Some years ago, I found myself subbing for a rambunctious group of second graders. Each of the students entered the room that morning with their own little personalities, and made their way around the room to complete their morning assignments. However, there was one student in the bunch whose behavior differed from the others. Although he sat amongst a table of smiling peers, he was crying his eyeballs out… and I couldn’t understand why; after all, school had barely begun.
While the main teacher, who hadn’t yet left for the day’s meeting, talked to him, I stood off to the side reminiscing about another weeping student I’d had a week or two prior. Interrupting my thoughts was his teacher, explaining to me the student’s issue. “He said he misses his mother,” she said. “But he cries every day, all day.” After explaining things a little further to me, concerning the student’s daily behavior, she walked away, and I continued to wonder. “Why are these children, these babies—only six and seven years old—so depressed, depressed to the point of weeping daily?” As I pondered that, God quickly revealed to me that it’s the enemy—he is after our children.
This scenario comes flooding back to me each time I hear of a child in the eight to ten age range committing suicide, the most recent being a ten-year-old in the state of Utah.
The enemy, friends, is relentless in his pursuit…and he’s always looking to attack. The apostle Peter describes him (1 Peter 5:8) as a roaring lion [one enraged with hunger], roaming about, seeking someone to devour, which is why we must be on our guard (rooted in God’s Word), and why we have to make sure that our kids are on guard, too. There is all kinds of evil in this world that will affect them—from the bullying many will face in their youth, to the rejection that could touch them as they grow older—which is why their little “loins must be girded,” as Paul commands us to gird ours, in Ephesians 6:14 (KJV). How is this done for a child? This is done by, firstly, teaching them the truth of their Creator, followed closely by telling them of the love He has for them, displayed through the sending of His Son. Next, educate them on the importance of serving God and Him only, and drill into them that prayer is the key in this life and the mainline to the throne of God.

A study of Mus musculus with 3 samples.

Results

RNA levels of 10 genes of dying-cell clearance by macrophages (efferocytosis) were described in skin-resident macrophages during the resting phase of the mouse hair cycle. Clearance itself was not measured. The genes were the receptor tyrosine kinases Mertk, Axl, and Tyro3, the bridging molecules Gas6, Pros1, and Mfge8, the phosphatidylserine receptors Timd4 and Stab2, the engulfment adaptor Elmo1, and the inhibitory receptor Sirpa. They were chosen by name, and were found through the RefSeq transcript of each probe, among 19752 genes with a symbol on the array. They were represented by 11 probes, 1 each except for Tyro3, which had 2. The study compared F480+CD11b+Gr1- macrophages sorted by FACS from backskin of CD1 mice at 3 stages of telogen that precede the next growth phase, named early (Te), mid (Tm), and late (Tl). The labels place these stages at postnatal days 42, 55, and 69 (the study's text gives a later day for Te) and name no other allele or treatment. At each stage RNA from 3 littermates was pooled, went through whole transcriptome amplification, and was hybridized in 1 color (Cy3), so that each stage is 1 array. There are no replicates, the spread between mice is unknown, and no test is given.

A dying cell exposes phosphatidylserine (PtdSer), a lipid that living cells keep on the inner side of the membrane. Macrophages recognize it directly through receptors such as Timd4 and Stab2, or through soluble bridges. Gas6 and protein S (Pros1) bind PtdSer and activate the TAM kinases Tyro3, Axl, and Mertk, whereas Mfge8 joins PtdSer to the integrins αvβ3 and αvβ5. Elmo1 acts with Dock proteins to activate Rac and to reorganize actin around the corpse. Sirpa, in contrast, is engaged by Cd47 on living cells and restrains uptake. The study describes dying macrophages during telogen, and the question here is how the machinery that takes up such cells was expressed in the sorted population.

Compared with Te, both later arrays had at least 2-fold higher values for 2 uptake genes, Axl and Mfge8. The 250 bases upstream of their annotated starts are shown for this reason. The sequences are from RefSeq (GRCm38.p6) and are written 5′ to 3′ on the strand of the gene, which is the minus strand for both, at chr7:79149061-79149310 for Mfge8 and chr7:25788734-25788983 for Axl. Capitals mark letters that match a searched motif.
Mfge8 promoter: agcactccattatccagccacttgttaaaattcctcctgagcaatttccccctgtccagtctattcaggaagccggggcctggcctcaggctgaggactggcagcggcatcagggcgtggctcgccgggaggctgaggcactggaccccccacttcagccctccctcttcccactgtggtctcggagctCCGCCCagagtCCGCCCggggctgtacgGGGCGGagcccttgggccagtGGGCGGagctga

It is imperative that children know what God says about them and His purpose for their young lives, and to be reminded daily of these truths.
In Deuteronomy 6:6-7, God says to the people of Israel, “And these words that I command you today shall be on your heart. You shall teach them diligently to your children, and shall talk of them when you sit in your house, and when you walk by the way, and when you lie down, and when you rise” (emphasis added). In like manner are we to teach our children the truths and ways of God daily. Because the only way that they’ll be able combat the lies of the enemy—by whatever means they come—is to be grounded/saturated in truth.
That said, if you find that your child has been rather quiet lately, or weepy… maybe even grumpy, talk to him or her to find out why. Once you’ve established a good rapport with them (as sometimes it’s hard to get kids to open up!), remind them of God’s truth for their lives (and of the power of prayer). Tell them also of some of the highs and lows you’ve faced with God, and assure them that the things they face in this life are not in vain and will work for their ultimate good. (Also be sure to encourage them to report any serious issues they may be having with another student, or adult.)